Just Say No

I first thought of writing this post in late March. I was then in the thick of my research, and had just experienced a couple of examples of the phenomenon that I outline below. I imagine that what I write will feel familiar to others who have undertaken ethnographic research in less economically developed countries. Hope you enjoy!

As the weeks spent in Guatemala pile up behind me, I’m pleased to find my Spanish is improving rapidly. However, there’s one word I still stumble to pronounce. This word,  paradoxically, you can say without learning a pinch of español: ¡No!

What do I have to say No to? I have been warmly welcomed in many communities around Fuego, and when I receive requests to share my time and company, I usually accept with alacrity. However, I have to say No to most requests of a financial persuasion: money, aid, or resources. Often it can be pretty funny, but sometimes I find it overwhelming to deal with these demands and the expectations that they imply. Some examples of requests recently made of me:

  • “Will you pay me for participating in this research?”
  • “Can you lend me $$$ for this thing?”
  • “Our community is working on [insert project]. How can you contribute?”

On occasion someone is particularly barefaced and may say, almost literally: “I’m poor and you’re rich. Give me money!”

Why are these requests so exhausting to deal with? Why do “Sorry, but no” seem to be the hardest words? My first answer is, this is an issue of personality. I know that I am both a people-pleaser and enjoy being generous. However, I think this difficulty also pertains to several larger social phenomena. In general, I would argue that women much more than men are socialized to be nice and polite; to please and to acquiesce; to demur rather than to deny.  This root issue is given ground and nourishment by two additional factors: “machismo” culture and going solo. I find machismo alive and kicking (and scoring own goals) in Guatemala, sustained by forces such as Catholicism and language. I noticed that many demands I receive are made, very directly, by men older than me, and even though I have to be firm in my refusal there is almost invariably an expectation that, given their seniority and sex, I will listen politely to the request – no matter how outlandish. In addition, being a lone researcher in an unfamiliar country makes you vulnerable. I caved to appeals once or twice because there’s no-one else there in the moment to take your side, or to keep you strong. Finally, local people usually ask me for money because I am a white westerner, and in their experience, white westerners usually have money. (Side note: when I visit the communities everyone knows me as la gringa, a term for a white westerner that is also a delicious Mexican dish). After all, most non-Guatemalans who visit these communities are either missionaries or NGO workers, both of whom bring resources. And I do understand the requests, sort of. After all, how shallow does my occasional financial ill fortune (my overdraft is always hanging out, I’m poor because I spent all my money again) appear to someone who has never had any?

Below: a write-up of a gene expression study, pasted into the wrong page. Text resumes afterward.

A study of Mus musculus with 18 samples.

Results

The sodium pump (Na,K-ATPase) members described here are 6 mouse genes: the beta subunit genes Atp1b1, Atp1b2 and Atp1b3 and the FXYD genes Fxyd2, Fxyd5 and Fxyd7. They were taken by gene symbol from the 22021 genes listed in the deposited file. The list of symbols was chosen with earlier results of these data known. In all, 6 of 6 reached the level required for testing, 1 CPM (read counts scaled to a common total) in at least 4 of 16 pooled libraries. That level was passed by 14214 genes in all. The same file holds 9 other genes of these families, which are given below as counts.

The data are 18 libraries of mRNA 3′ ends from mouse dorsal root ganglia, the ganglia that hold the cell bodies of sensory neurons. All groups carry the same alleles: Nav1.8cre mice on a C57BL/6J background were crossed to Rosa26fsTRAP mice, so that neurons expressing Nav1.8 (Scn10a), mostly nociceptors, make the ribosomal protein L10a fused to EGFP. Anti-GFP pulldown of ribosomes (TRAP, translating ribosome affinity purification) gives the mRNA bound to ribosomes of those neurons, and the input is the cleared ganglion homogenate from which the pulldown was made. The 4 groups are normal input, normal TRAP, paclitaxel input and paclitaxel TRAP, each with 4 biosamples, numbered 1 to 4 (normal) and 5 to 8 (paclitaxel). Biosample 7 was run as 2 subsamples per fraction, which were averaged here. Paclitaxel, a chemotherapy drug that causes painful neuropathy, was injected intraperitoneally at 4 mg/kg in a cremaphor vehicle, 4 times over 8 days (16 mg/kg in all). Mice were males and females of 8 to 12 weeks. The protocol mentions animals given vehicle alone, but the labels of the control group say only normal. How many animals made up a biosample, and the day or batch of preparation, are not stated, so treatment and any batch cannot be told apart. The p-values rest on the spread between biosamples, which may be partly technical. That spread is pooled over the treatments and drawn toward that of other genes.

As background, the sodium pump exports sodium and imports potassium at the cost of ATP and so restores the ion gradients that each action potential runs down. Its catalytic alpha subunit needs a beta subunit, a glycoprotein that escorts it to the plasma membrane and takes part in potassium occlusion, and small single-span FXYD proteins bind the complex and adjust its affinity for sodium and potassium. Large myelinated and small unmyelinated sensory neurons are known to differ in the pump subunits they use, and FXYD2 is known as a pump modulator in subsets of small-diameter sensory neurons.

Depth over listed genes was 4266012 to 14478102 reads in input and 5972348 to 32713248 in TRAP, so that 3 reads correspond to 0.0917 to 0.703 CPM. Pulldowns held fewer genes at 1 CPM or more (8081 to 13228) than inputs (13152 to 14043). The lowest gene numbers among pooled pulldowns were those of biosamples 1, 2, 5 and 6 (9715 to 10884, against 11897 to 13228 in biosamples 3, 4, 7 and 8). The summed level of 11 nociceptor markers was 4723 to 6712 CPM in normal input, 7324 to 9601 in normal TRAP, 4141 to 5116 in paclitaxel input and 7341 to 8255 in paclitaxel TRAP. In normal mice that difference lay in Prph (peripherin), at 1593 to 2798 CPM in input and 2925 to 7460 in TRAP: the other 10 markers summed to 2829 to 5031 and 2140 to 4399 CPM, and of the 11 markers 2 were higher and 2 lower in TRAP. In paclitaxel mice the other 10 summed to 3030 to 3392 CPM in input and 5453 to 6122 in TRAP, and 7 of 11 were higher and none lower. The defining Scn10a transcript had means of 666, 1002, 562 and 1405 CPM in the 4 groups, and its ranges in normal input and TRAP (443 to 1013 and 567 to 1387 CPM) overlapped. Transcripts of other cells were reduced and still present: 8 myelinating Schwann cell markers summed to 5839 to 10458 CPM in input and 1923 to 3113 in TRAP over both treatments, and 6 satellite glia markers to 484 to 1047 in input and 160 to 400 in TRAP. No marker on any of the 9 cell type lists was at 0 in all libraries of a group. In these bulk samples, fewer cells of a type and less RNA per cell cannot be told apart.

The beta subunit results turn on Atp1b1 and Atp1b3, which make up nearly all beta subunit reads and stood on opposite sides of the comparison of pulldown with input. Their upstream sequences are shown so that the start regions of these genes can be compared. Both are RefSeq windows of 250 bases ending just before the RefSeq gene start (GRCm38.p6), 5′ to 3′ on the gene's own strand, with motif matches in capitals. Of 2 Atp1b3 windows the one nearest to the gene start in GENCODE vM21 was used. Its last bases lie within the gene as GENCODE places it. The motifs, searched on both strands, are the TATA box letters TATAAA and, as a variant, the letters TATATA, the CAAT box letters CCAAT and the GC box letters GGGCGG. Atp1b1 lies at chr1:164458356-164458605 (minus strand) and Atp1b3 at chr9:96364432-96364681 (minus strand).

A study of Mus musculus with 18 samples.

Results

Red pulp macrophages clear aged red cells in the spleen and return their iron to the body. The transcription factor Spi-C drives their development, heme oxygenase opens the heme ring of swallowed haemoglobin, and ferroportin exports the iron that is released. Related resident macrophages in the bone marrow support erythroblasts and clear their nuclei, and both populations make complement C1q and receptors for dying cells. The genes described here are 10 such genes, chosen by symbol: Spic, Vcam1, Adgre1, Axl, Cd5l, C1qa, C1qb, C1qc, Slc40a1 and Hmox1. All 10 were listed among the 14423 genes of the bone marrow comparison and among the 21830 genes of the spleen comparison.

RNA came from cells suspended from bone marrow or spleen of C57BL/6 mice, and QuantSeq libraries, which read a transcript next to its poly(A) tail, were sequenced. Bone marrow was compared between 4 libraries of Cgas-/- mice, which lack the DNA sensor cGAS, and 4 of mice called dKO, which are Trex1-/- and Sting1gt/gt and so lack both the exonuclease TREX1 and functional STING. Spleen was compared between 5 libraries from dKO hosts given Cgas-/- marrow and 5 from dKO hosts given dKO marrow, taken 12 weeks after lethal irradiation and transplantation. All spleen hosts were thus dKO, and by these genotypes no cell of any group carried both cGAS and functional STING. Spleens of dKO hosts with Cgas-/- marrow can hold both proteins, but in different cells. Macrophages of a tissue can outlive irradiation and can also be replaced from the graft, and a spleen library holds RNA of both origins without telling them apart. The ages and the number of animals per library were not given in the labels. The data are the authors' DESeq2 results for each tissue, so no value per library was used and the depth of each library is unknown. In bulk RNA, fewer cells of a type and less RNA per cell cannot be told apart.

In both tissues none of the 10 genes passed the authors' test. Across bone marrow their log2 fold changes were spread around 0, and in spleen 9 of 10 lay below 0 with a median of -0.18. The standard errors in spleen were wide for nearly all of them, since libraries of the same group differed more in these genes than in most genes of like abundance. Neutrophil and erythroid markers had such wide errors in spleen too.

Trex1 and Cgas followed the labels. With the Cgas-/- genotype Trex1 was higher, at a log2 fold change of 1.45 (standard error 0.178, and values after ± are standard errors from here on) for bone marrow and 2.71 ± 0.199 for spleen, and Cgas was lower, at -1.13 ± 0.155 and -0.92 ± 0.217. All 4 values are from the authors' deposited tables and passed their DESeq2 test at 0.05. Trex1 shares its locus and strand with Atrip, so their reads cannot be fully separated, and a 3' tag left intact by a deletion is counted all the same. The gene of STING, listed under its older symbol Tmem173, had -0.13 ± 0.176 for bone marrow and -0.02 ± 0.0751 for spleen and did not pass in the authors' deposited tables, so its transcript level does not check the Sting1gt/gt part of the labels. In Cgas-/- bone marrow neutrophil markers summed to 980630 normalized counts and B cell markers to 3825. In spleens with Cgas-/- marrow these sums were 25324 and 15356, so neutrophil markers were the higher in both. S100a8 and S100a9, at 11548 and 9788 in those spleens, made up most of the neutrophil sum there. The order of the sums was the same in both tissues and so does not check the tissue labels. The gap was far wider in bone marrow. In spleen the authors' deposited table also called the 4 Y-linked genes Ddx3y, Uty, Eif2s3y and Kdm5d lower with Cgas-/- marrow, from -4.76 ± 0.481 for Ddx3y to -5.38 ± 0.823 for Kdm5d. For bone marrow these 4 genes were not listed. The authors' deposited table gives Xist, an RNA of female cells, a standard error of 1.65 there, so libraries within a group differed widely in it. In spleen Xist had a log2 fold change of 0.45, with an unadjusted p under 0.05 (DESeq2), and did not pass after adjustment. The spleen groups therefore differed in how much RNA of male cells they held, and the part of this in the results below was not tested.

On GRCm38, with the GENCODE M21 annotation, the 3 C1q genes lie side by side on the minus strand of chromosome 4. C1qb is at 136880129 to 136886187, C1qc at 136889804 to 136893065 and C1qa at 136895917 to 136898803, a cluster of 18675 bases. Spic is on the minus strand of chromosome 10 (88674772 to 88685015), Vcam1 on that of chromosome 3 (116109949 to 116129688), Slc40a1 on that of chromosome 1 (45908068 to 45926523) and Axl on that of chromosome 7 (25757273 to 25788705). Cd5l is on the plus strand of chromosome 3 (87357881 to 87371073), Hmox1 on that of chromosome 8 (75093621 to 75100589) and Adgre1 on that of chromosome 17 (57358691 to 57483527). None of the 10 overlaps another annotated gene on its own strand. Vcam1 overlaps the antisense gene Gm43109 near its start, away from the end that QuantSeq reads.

Perhaps a deeper understanding of why people ask may help with the feelings of being used, or with “asking fatigue”. Some of the reasons that I’ve thought of include living the saying, “If you don’t ask, you don’t get”. Alternatively, I acknowledge that while this project is my world, and that I can easily recognize the importance of sharing experience, potential interviewees will usually not perceive any immediate benefits of participation. So, they may ask for more direct benefits. In a cold, clear-eyed view of the world, others only want you for what you can give: see this Cracked article for a good explanation. Finally, have people had some previous bad experience – were promised things that were not delivered?

I started this reflection with asking why it’s hard to say No – and would like to end with some ideas of how to do it.

  1. Be as direct as they are. If people make a direct request of you, perhaps it is their style of communication, and they will not be unduly upset with a clear No. Try it and see! (Great advice from my mum.)
  2. If you’re 100% sure that you are going to say No, try not to put it off with dawdling, vacillation, or floofing. This can make it harder as people will be persistent.
  3. Alternatively … say Yes? I did a couple of times, and while it was mildly annoying in the moment, it didn’t put me in a precarious position. You’ll probably be alright, is the bottom line.

Ultimately, saying No is just another thing you won’t get completely right. I am learning to make peace with sometimes saying No and sometimes saying Yes! And, after whichever answer I give, making sure to pat myself on the back – it’s a difficult world out there!